WDR Rundfunkchor and Nicolas Fink, Rachmaninoff's All-Night Vigil

Rachmaninoff's manuscript for  All-Night Vigil  (aka  Vespers )

Rachmaninoff's manuscript for All-Night Vigil (aka Vespers)

Rachmaninoff: All-Night Vigil

The image of Russian composer Sergei Rachmaninoff is one that has been subject to several challenges of preconceived notions. Classic FM, for example, notes that he was both known as the “six-foot scowl” and a composer who was “deeply religious,” as evidenced by his liturgical works.

Other sources, however, question this characterization. “He is no tragic figure, no gloomy-natured exile, embittered by his experiences,” wrote Elizabeth O. Toombs in a 1922 article for Good Housekeeping, “but a soul radiating gentleness and power, tinged with a quizzical humor.”

Likewise, in his bio-bibliography of the Russian composer, Robert Cunningham notes that there is very little evidence that Rachmaninoff had any special connection to religion — in fact, his marriage to his first cousin Natalia Satina, was forbidden by the Russian Orthodox church. Cunningham argues that the “contention that the composer must have been deeply religious seems to be based primarily on the indisputable beauty of his liturgical works, rather than concrete biographical data.”

This week, we’ve looked at works that challenge expectations and preconceptions. We’ve also looked at faith as a mix of doubt and hope. Rachmaninoff was a composer who came at the end of the Romantic era and therefore felt “like a ghost wandering in a world grown alien” when the musical trends shifted toward modernism. Similarly, he was forced out of his homeland following the Bolshevik Revolution — a revolution which also temporarily quashed his 1915 work, All-Night Vigil (also referred to as the Vespers).  

So despite Rachmaninoff’s religious ambivalence, can we sense some sort of home in the All-Night Vigil? While he was perhaps not deeply religious, Rachmaninoff was especially fond of this liturgical composition, and even requested that the Fifth Canticle would be played at his funeral. If this is not rooted in a church-bound faith, perhaps we can see the other layers of faith that sit at the core of any codified religion. Writing this on Easter Sunday and in the early days of Passover (not to mention Rachmaninoff's birthday), it’s especially clear today that we don’t all speak the same dogma, but we can speak the same basic language of hope. To put it more concisely, perhaps we don’t all think the same, but we can at least all (at times) feel the same.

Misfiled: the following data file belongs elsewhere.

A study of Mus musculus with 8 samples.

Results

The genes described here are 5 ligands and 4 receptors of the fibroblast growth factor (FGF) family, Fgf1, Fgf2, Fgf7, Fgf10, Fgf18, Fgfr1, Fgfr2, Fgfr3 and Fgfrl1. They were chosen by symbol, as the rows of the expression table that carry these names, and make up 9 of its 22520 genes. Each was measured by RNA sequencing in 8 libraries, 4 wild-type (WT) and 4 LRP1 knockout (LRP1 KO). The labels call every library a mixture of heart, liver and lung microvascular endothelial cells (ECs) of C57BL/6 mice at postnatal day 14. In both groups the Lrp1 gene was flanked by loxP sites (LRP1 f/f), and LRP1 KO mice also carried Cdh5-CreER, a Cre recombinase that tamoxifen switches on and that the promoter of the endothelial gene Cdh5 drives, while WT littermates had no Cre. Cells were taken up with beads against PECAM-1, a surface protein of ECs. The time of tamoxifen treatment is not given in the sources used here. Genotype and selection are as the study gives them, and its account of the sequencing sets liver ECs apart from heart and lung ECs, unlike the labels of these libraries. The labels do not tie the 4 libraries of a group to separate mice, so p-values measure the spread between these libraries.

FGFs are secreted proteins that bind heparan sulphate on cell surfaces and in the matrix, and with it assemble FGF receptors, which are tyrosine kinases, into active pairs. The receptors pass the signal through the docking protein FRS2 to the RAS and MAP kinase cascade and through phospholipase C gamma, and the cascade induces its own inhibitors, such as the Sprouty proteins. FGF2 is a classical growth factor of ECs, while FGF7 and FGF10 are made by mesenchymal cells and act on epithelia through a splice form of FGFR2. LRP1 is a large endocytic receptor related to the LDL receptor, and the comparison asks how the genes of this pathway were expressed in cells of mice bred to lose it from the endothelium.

“The new kind of music seems to create not from the heart but from the head. Its composers think rather than feel,” Rachmaninoff said of the wave of modernism that came after the Romantic era. While Rachmaninoff’s thoughts may not have always turned toward the ecclesiastical, we can hear something of his feelings in the All-Night Vigil.

Perhaps, too, as an added twist of fate, this work is one written without metronomic indications, meaning that the composer did not leave a strict tempo. Conductors, therefore, have to go on faith.


Today’s Contemplation: What do you hold to be true, self-evident? Consider these truths as they pass through your mind. Picking one, can you become more inquisitive with the truth and find the feeling tone beneath the rhetoric? What faith sites at the core of that belief? What doubt mixes in with it? And can you imagine how those same seeds manifest in manifold ways in other people in your life? In a world where it seems dangerous to go on faith versus fact (not the alternative kind), how might we bring the two back to a sense of equilibrium?